Marketing rules among issues addressed in KLA policy
Kansas Livestock Association members have approved policy on government intervention in the cattle market, estate tax reform, agricultural burning, initiative and referendum and other issues affecting their business interests. The action came during the annual KLA Convention Dec. 2-3 in Wichita.
Members confirmed their strong opposition to the new livestock marketing rules proposed by the USDA Grain Inspection, Packers and Stockyards Administration. The new KLA resolution recognizes language in the rules would result in fewer marketing opportunities for ranchers and feeders by eliminating incentives for those who invest in improved genetics, technology and management. Taking these incentives away would result in declining beef quality and consumer demand. Based on these conclusions, members called upon the National Cattlemen’s Beef Association to exhaust all legislative, administrative and judicial avenues to prevent implementation of the rules.
The lack of adequate estate tax reform was the subject of a resolution reaffirmed by the membership. It supports the reduction, and ultimately elimination, of the federal estate tax. The resolution also supports inclusion of stepped-up basis provisions.
KLA members retained policy strongly urging Congress and the administration to work toward a balanced federal budget. On a state-level tax issue, KLA supports increased reliance on non-property tax sources to fund local school districts.
The membership adopted a new resolution expressing concern with initiative measures used by special interests to subvert the legislative process. This policy contains language opposing attempts to institute the initiative and referendum process in Kansas.
Another of the resolutions members chose to retain urges the Environmental Protection Agency to refrain from adopting federal regulations, guidelines or policies that may inhibit the practice of agricultural land burning. Numerous studies have shown prescribed burning of the native prairie has ecological and economical benefits.
KLA members reaffirmed policy opposing legislation that would expand federal jurisdiction of the Clean Water Act (CWA), including proposals to re-define “waters of the United States.” This resolution also requests all water quality standards within CWA be practical, reasonable and attainable.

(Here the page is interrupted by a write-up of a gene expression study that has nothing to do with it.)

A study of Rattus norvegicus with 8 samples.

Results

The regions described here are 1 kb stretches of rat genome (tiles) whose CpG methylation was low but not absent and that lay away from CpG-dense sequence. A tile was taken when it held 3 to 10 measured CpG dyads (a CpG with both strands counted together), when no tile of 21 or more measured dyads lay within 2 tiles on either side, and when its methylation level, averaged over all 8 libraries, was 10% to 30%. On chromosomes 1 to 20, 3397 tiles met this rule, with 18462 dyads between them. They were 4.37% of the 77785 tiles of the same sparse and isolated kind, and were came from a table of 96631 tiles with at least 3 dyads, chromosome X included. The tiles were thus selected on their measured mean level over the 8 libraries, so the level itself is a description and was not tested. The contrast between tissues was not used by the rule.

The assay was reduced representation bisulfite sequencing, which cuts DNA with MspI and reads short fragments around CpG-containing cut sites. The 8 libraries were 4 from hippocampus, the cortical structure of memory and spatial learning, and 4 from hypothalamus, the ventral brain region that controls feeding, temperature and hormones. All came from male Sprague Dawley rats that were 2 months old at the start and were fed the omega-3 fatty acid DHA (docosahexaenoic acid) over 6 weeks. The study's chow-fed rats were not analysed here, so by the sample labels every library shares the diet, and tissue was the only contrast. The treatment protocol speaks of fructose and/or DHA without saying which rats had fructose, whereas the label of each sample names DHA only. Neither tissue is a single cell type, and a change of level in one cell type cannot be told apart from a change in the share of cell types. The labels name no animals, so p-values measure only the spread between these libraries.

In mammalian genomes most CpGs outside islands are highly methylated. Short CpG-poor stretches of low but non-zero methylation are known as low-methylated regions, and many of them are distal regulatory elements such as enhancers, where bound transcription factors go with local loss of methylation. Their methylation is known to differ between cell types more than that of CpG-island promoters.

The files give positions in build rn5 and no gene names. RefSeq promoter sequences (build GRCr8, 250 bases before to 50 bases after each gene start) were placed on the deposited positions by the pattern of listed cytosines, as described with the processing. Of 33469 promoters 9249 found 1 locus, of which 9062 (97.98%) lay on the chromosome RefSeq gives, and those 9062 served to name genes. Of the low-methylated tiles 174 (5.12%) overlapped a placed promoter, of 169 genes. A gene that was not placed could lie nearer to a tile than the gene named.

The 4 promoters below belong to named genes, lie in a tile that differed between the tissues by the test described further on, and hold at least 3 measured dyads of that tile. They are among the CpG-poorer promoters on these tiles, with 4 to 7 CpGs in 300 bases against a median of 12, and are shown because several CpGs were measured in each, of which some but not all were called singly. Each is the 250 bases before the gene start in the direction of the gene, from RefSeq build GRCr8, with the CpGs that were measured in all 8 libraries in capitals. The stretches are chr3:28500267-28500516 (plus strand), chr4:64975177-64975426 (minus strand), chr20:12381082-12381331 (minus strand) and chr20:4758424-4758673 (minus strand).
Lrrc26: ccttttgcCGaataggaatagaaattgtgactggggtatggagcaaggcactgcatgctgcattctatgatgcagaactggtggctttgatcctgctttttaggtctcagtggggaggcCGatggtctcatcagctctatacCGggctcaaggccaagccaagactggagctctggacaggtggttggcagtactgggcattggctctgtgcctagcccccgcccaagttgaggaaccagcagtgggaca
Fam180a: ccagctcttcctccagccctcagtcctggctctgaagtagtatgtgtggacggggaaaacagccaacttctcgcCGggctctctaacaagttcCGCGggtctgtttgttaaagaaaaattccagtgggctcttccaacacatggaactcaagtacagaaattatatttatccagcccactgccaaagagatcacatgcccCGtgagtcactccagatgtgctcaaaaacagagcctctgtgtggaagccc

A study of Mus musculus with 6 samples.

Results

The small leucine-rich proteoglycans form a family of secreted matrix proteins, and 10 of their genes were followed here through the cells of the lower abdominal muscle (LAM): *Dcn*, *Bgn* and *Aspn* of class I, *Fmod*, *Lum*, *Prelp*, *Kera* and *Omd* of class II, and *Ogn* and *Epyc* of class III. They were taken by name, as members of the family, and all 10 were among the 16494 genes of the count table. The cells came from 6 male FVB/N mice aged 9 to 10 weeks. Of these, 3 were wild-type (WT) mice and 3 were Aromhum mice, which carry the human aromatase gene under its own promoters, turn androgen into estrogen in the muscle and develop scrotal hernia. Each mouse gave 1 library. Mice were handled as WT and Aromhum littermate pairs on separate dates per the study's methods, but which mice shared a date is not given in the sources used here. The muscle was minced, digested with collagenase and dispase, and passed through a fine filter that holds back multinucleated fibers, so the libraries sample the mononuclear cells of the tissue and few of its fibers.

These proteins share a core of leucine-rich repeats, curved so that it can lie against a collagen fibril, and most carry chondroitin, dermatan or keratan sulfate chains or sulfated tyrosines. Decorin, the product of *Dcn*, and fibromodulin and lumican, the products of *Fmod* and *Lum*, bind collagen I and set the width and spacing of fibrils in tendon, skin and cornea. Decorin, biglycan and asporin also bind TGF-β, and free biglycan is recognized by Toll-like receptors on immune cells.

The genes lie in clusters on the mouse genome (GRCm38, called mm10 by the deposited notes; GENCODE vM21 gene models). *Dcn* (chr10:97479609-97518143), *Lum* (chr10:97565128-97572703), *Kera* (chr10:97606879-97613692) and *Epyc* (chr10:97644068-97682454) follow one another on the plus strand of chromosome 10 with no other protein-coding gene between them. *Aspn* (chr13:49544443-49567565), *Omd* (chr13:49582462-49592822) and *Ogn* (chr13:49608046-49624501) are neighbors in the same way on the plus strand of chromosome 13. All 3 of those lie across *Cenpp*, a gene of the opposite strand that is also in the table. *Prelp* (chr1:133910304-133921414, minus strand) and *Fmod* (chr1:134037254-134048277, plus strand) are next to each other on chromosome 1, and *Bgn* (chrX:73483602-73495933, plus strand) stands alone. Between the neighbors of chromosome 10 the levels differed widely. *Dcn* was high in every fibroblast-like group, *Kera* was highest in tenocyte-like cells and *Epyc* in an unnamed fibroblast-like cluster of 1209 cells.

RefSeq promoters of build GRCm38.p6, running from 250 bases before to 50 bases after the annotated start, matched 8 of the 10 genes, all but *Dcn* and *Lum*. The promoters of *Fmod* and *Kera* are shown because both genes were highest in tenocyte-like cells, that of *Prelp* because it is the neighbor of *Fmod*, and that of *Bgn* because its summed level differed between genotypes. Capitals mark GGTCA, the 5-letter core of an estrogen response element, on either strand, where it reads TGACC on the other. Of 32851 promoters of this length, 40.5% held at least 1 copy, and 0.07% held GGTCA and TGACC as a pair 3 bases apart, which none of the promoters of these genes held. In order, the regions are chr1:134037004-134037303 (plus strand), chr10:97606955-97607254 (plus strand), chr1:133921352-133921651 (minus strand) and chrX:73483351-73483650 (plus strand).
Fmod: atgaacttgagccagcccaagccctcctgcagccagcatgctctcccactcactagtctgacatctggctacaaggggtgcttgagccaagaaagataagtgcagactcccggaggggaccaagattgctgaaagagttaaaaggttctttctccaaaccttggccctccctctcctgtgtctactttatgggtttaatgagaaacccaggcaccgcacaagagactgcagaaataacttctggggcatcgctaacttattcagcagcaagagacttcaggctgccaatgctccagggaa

The basis for approval of a resolution on the beef checkoff was strong producer support of the program and a proven track record of positively influencing consumer demand. KLA members support an increase in the checkoff assessment rate to adequately fund effective demand-building programs.
KLA supports state legislation that would create a Kansas conservation easement funding source. There currently are 25 states that provide funding or tax incentives for the purchase of voluntary easements to preserve working farms and ranches.
A new resolution supports funding of Kansas ag market reports. Members feel by providing reliable market information used to determine the values of Kansas ag products, these reports are a core function of the state.
“Member input on these issues started during roundtable discussions this fall, proceeded through committee and council meetings and concluded with approval by the general membership at the KLA Convention,” said KLA President Ken Grecian, a rancher from Palco. “This depth of involvement gives us policy with a strong connection to our members’ business interests.”
KLA is an organization representing the state’s livestock business on legislative, regulatory and industry issues at both the state and federal levels. The association’s mission of protecting members’ common business interests and enhancing their ability to meet consumer demand is funded through voluntary dues dollars paid by members.